Secretary of State John Kerry recently visited Beijing for the purpose, among other things, of persuading the Chinese to submit their claims in the South China Sea to negotiation with the other ASEAN states. To no one’s surprise, the mission was a failure; the Chinese flatly refused to budge from their position, and had the additional satisfaction of humbling the American Secretary of State in the process.
I have written before about the massive military buildup in which China is engaged, and the purpose behind it. China wants hegemonic status in their near seas, and the leaders of the Chinese Communist Party believe they can get what they want through coercive tactics. Why should they negotiate?
China has been reclaiming seven reefs and atolls in and around the Spratly Islands. In effect, it is building islands in the ocean – creating a “Great Wall of sand”, according to Admiral Harry Harris, commander of America’s Pacific fleet – to assert its territorial claims in the region, which include virtually the entire South China Sea. About 5 trillion dollars worth of trade ships through that sea every year.
The reclaimed reefs have strategic as well as political value, as potential bases for China’s growing Navy and Air Force. Recently the Chinese admitted that they may use the islands for military purposes, and they have been photographed building what appears to be an air strip on Fiery Cross Reef in the Spratly Islands.
Consistent with their strategy, China is aggressively asserting the rights of a sovereign. They are warning other nations not to sail or fly, except with their permission, within twelve nautical miles of the reclaimed islands. They have no right under international law to extend their sovereignty in this way, but the Chinese leaders do not, at a fundamental level, believe in an international order where nations relate to each other according to neutral norms. As one Japanese scholar told me, the Chinese view the world vertically rather than horizontally; they believe that the big dogs should get most of the benefits, and they are rapidly becoming the biggest dogs in their part of the world.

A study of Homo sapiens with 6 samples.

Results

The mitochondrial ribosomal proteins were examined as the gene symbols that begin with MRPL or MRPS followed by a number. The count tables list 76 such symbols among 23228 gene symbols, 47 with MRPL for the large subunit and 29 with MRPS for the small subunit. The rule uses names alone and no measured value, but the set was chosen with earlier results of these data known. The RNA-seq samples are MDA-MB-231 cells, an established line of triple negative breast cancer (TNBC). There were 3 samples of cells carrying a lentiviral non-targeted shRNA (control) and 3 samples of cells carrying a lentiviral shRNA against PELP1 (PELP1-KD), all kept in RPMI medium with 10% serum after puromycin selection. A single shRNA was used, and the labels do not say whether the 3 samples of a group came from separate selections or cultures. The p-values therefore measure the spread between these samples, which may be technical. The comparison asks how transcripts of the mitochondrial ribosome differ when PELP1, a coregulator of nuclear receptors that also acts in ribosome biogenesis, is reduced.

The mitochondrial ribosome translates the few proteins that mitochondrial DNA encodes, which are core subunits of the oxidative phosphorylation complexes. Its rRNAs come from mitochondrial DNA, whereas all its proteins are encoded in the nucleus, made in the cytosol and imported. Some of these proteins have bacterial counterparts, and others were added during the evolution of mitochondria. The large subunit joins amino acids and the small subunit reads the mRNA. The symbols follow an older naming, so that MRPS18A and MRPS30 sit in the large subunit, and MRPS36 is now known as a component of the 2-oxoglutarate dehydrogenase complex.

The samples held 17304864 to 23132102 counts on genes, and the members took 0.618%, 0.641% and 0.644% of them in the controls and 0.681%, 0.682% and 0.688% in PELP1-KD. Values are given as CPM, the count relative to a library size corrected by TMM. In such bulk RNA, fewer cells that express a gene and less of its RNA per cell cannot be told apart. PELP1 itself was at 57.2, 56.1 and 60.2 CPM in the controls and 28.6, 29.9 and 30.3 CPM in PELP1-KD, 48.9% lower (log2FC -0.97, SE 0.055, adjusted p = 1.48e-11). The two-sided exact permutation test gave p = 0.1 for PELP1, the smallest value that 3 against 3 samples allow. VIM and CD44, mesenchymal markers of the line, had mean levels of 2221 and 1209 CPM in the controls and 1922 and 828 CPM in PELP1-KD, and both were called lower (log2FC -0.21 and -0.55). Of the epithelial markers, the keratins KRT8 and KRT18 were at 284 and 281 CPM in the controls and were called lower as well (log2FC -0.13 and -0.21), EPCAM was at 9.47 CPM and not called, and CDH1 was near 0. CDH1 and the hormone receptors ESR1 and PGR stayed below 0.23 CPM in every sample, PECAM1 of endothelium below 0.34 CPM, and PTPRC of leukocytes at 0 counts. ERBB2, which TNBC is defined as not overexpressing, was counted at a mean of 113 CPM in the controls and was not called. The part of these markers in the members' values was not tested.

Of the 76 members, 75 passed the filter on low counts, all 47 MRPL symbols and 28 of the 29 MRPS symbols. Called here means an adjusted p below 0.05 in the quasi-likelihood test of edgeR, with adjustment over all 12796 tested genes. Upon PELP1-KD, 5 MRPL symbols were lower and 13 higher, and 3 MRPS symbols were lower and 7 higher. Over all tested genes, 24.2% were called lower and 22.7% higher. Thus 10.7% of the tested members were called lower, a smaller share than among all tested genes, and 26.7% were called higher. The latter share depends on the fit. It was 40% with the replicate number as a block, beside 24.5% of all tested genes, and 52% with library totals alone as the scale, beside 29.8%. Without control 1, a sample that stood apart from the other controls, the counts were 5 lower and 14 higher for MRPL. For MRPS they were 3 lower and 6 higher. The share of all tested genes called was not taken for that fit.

China already has a large and growing inventory of missiles, surface warships, submarines, and modern aircraft. In addition, according to the Pentagon, China will by 2023 acquire upwards of 40,000 stealthy Unmanned Air Vehicles (UAVs).
UAVs have heretofore been used primarily for reconnaissance, and no doubt much of the new Chinese inventory will be used for that purpose; the Peoples Liberation Army needs to see our ships before they can shoot at them. But three versions of the new UAVs will also have precision-strike capability. Since the UAVs will be stealthy, they will be hard to locate and shoot down, and even if they weren’t, it would be extremely difficult for our forces to neutralize an attack en masse.
Of course the United States still has tremendous firepower in its aircraft carrier task forces. But that power is not of much use when the carriers are weeks away from the scene of conflict, and when, before the carriers could bring their power to bear, they would be faced with scores of incoming missiles which have a longer range than our naval aircraft. The missiles could be launched from the sea, land and air, and some of them would move at supersonic speeds.
So the United States is presented with a Hobson’s choice. The Pentagon is considering deliberately sailing American naval vessels within 12 miles of the reclaimed islands, and for good reason; not to do so would be to concede Chinese dominance and recognize de facto China’s claims.
But sailing close to the islands is not a great choice either. It increases tension, and risks escalation under circumstances where China has more flexible options than we do, in a region where everyone outside of Washington — everyone living in the real world — knows America is outgunned. And even if American ships do on occasion violate the twelve-mile limit without incident, the Chinese will still have profited from their assertiveness; they will still have their islands, their claims, and the option of ratcheting up the pressure any time they see fit.
For the United States, these kinds of choices will become increasingly common, and increasingly dangerous, in the years to come. The balance of power in the South China Sea is shifting towards the Chinese. They have the advantage of numbers, proximity, and capabilities designed to exploit our weaknesses. Meanwhile, our government has been dismantling the deterrent power on which the stability of the region depends.
As long as that continues, the advantage, and the initiative, will rest with the Chinese. Diplomacy will not stop them from pursuing their objectives, unless and until it is coupled with superior force and clearly defined consequences.
China has become a great power, and is acting like one. The leaders of China understand what our government would prefer not to recognize: that the key obstacle to their ambitions is the United States. What is at stake are vital American interests: peace, freedom of navigation, our treaty obligations, and preservation of the norm-based international order which America midwifed, and under which we have prospered. We had better decide, and decide soon, whether those interests are worth protecting.